NFL Black Monday: As Redskins, Raiders and Colts Mull Firings, Is Any Head Coach Safe?

The first Monday after the end of the NFL regular season will flash this year like every other as a warning light for any head coach not involved in the playoffs.

"Black Monday" is approaching and many NFL teams will once again decide en masse whether they want to stick or twist with a new coach for the new season.

This year there seem to be an unusually large number of head coaches on the hotseat. Here are the men most at risk of being fired this Monday.

Hue Jackson - Cleveland Browns

Jackson said a year ago he’d jump in Lake Erie if the Browns went 1-15 this season. Heading into the last game of the season against the Steelers, the Browns are 0-15. Jackson may be saved a leap into the water because the Browns are that damn bad. He’s on his way out of Cleveland, so someone else can ruin Sam Darnold.

Jack del Rio - Oakland Raiders

Somehow, despite a stud quarterback and the reigning NFL Defensive Player of the Year on the roster, the Raiders are going to finish below .500 in the eminently winnable AFC West. Del Rio only got a contract extension at the start of this season and he’s probably done enough to hang around for another year in the Bay Area, but he won’t survive another year misusing Derek Carr and Khalil Mack.

Chuck Pagano - Indianapolis Colts

“It's no state secret that Chuck Pagano's future with the Colts rests on dangerously thin ice,” Marc Sessler wrote on NFL.com on Wednesday. The Colts’ season has been painfully bad, from the 12 losses so far to the mystery around Andrew Luck to the general sense of mismanagement around a competent backup quarterback. Pagano seems likely to go but don’t expect his successor to turn things around quickly.

Marvin Lewis - Cincinnati Bengals

According to Mike Sando of ESPN, the Bengals could move Lewis out of the head coaching role he’s occupied since 2003 and into the front office. They would then bring back former HC Jackson from the Browns. The future in Cincy looks… mediocre.

Vance Joseph - Denver Broncos

“It’s the uncompetitive nature of so many Broncos losses that has likely disturbed general manager John Elway and team president Joe Ellis,” Colorado-based site 9News.com wrote on Tuesday. Denver still has a great defense but it’s going nowhere if it cannot sign, or draft, a better quarterback than Trevor Siemian or Paxton Lynch. Kirk Cousins hurling passes through the thin air sounds like fun. Will Joseph be around to coach him, though?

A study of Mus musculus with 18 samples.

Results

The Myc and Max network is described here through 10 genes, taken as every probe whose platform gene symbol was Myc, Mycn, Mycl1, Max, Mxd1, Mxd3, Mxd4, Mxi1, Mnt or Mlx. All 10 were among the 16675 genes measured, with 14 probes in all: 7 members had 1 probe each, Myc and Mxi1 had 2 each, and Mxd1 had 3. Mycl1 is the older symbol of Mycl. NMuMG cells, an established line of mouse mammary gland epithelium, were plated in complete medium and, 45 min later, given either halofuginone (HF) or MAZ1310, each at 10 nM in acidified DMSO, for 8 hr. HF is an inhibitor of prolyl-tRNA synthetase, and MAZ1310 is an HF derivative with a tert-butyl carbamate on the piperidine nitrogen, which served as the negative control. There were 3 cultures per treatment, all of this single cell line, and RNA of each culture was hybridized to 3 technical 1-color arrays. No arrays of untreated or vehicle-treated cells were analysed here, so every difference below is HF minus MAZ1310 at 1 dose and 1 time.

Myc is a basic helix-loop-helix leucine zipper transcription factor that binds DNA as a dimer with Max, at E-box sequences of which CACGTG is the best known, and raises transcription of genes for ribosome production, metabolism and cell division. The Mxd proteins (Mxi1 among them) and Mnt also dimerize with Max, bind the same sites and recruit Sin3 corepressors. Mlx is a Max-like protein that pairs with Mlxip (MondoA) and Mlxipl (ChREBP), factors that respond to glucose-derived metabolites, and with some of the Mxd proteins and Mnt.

Bruce Arians - Arizona Cardinals

Arians denied a report this week by the website Pro Football Weekly that he was planning on retiring. The Cardinals’ season has been disappointing but it has only been two years since Arians led the franchise into that NFC Championship Game blowout against the Carolina Panthers. He should be back for another go, although a roster shakeup is surely imminent in the desert.

Jay Gruden - Washington Redskins

“Gruden’s offense has been terrific. He’s likable and respected and has navigated Washington’s turbulence as well as anyone,” Dan Steinberg wrote in The Washington Post on Dec. 11. “You can’t ignore the plague of injuries, even if they’re not an excuse. And until the past two weeks, this was a competitive and resilient team playing pretty dang well against the league’s gnarliest schedule.” So why does it still feel like both Kirk Cousins and Gruden may be gone by the start of the 2018 season?

Jim Caldwell - Detroit Lions

"I think my job when I came here was not playoff talk," Caldwell told the Detroit Free Press on Thursday. "My job when I came here was to win it all. That’s what every coach is in it to do. And anything short of that is unacceptable, plain and simple."

Maybe Caldwell is a victim of his own success in raising Detroit’s expectations off the floor during his four seasons as head coach. The Lions aren’t bad, anymore, just maddeningly frustrating. They still rely too heavily on Matthew Stafford to get them out of tight situations. They still seem to lack an edge when their season is on the line. All of that may cost Caldwell his position.